How do I decide between PRK and LASIK?
For some people the choice is easy. There are certain conditions which may be present which mean you only qualify for PRK. For others who qualify for both LASIK and PRK the choice can be more challenging.
In order to make a good decision it is important to gather as much infomation you can about PRK and LASIK. You must understand the basics of these two methods of laser vision correction before you can begin to make a well informed choice.
With both procedures numbing drops are used to freeze the surface of the eye. For PRK the surface cells are removed and the laser energy is applied to the corneal surface. For LASIK a flap is created with a device called a microkeratome. The flap is lifted and the laser energy is applied to the corneal tissue underneath the flap. More detailed information about the two types of laser vision correction can be found on our webiste. Other websites which have reliable information include http://www.aao.org/ (American Academy of Ophthalmology) and http://www.mayoclinic.com/ .
You should watch the DVD or video provided at the pre-operative evaluation, read all information provided to you by your surgeon (including consent forms), and ask a lot of questions. There are many basic questions that can be answered by qualified staff, but if you are feeling unsure about your choice you should request to speak to your surgeon. It may help to make a list of all your questions to bring to the appointment or to guide you during a telephone conversation with staff.
There may be individual factors which make you a better candidate for LASIK or PRK. For example, extremely farsighted (hyperopic) people may have a better result with LASIK due to a tendency to heal back towards farsightedness following PRK. For nearsighted (myopic) people this is not an important factor with the newer PRK techniques. Another example is thin corneas. If a cornea is too thin for a given correction then PRK may be recommended since it is not as deep a treatment and does not weaken the cornea as much.
As a general rule the following would be true for people who qualify for both LASIK and PRK:
These results will be the same with PRK or LASIK
– the longterm results are equally good for most prescriptions
– if you are over 40 you are likely to need glasses for reading and other close work
– the night vision may take longer to improve (up to 12 months in some cases)
– most people feel their night vision is similar to pre-operative night vision
– glare or halo present with corrective lenses may be present permanently after surgery
– dry eye is a common side effect of laser vision correction, usually improving over months
– the overall sharpness of vision can improve up to a full year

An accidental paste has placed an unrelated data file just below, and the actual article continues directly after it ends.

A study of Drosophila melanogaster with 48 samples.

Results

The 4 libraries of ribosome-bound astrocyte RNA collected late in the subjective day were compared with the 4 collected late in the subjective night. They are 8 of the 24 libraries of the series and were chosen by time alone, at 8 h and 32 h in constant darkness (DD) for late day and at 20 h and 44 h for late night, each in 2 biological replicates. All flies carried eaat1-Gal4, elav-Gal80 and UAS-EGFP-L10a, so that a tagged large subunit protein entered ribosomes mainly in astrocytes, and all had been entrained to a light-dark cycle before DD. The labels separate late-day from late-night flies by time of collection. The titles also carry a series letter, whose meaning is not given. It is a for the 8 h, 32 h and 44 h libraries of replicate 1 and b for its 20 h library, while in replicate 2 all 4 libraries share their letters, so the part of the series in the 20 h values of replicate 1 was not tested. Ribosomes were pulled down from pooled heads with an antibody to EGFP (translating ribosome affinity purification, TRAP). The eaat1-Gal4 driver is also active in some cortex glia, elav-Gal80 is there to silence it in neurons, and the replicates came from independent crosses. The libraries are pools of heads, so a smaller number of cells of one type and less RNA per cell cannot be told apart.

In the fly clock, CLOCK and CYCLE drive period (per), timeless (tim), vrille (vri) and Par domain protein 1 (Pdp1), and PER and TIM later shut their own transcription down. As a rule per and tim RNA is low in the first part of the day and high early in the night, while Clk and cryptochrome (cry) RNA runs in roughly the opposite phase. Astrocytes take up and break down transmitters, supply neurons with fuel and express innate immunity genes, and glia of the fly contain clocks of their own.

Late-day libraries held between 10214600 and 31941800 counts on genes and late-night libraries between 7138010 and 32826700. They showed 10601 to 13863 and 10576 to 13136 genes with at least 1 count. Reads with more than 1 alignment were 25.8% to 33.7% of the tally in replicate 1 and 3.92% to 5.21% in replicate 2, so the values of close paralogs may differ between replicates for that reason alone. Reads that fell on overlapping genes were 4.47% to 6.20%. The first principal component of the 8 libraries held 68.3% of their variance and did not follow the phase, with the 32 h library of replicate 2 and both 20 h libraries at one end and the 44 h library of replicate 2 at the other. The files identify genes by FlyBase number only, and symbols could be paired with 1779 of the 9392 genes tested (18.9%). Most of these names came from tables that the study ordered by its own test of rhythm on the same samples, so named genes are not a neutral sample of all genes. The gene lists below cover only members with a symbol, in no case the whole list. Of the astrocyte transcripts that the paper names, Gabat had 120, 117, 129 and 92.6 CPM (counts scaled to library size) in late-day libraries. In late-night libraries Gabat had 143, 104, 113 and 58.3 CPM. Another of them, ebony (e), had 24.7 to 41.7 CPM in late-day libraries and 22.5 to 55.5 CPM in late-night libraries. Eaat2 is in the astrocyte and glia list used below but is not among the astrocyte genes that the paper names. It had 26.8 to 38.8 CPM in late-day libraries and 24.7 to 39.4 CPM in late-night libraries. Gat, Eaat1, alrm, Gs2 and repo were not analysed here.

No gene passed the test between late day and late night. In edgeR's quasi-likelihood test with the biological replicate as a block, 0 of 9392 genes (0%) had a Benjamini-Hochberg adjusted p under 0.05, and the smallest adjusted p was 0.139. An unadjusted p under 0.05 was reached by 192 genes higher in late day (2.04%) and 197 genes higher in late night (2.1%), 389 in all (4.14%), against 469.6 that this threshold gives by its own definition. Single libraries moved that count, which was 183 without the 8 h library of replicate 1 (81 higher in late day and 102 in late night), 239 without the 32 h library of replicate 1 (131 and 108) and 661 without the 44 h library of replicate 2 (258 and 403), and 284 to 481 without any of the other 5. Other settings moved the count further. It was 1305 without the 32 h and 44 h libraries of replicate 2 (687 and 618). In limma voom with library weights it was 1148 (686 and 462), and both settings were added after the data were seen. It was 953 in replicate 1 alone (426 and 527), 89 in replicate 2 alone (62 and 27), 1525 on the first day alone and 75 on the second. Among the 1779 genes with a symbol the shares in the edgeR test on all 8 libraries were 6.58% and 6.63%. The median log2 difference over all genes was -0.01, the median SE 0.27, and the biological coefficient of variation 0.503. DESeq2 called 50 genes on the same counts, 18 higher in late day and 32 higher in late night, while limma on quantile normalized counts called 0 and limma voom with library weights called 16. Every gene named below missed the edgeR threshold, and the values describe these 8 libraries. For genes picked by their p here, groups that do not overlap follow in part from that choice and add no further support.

– there is a chance a second treatment (enhancement) may be needed for best vision
– safety glasses for sports or activities such as using power tools is always recommended
These results may be different with PRK or LASIK
– LASIK is more complex and a deeper treatment and carries a slightly higher risk
– risks of LASIK include flap problems during an after surgery
– the LASIK flap can be shifted even years later with trauma to the cornea
– PRK is a simpler procedure with less risk for most people
– PRK does not create a flap so there is less risk with future injury
– PRK is not as deep a treatment so there is less risk of weakening the cornea (ectasia)
– for thin corneas or irregular corneas PRK may be preferred
– for high farsighted or high astigmatism corrections LASIK may reduce enhancements
– there is a very slight chance of haze or scarring with PRK
– the chance of haze or scarring with PRK is greatly reduced with newer lasers
– PRK takes longer to recover with 7-10 days before return to activities like driving
– with PRK the vision may be blurry for up to a month or more
– LASIK has less discomfort in the first few days compared to PRK
– LASIK has more rapid visual recovery with return to usual activities in 1 or 2 days
Overall if you qualify for both PRK and LASIK the bottom line is that you trade a higher risk with LASIK for more rapid recovery. With PRK you are choosing a lower risk with the understanding that the recovery of vision is more gradual and there may be more discomfort in the first few days following surgery.
There may be factors individual to your own eye health, your correction, your overall health or medications, or lifestyle requirements that may make you a better candidate for one procedure or the other. It is important to listen carefully to the recommendations of your surgeon. If you have any questions be sure to ask.
You can get more information by scheduling a free consultation with Dr. Anderson Penno at Western Laser Eye Associates.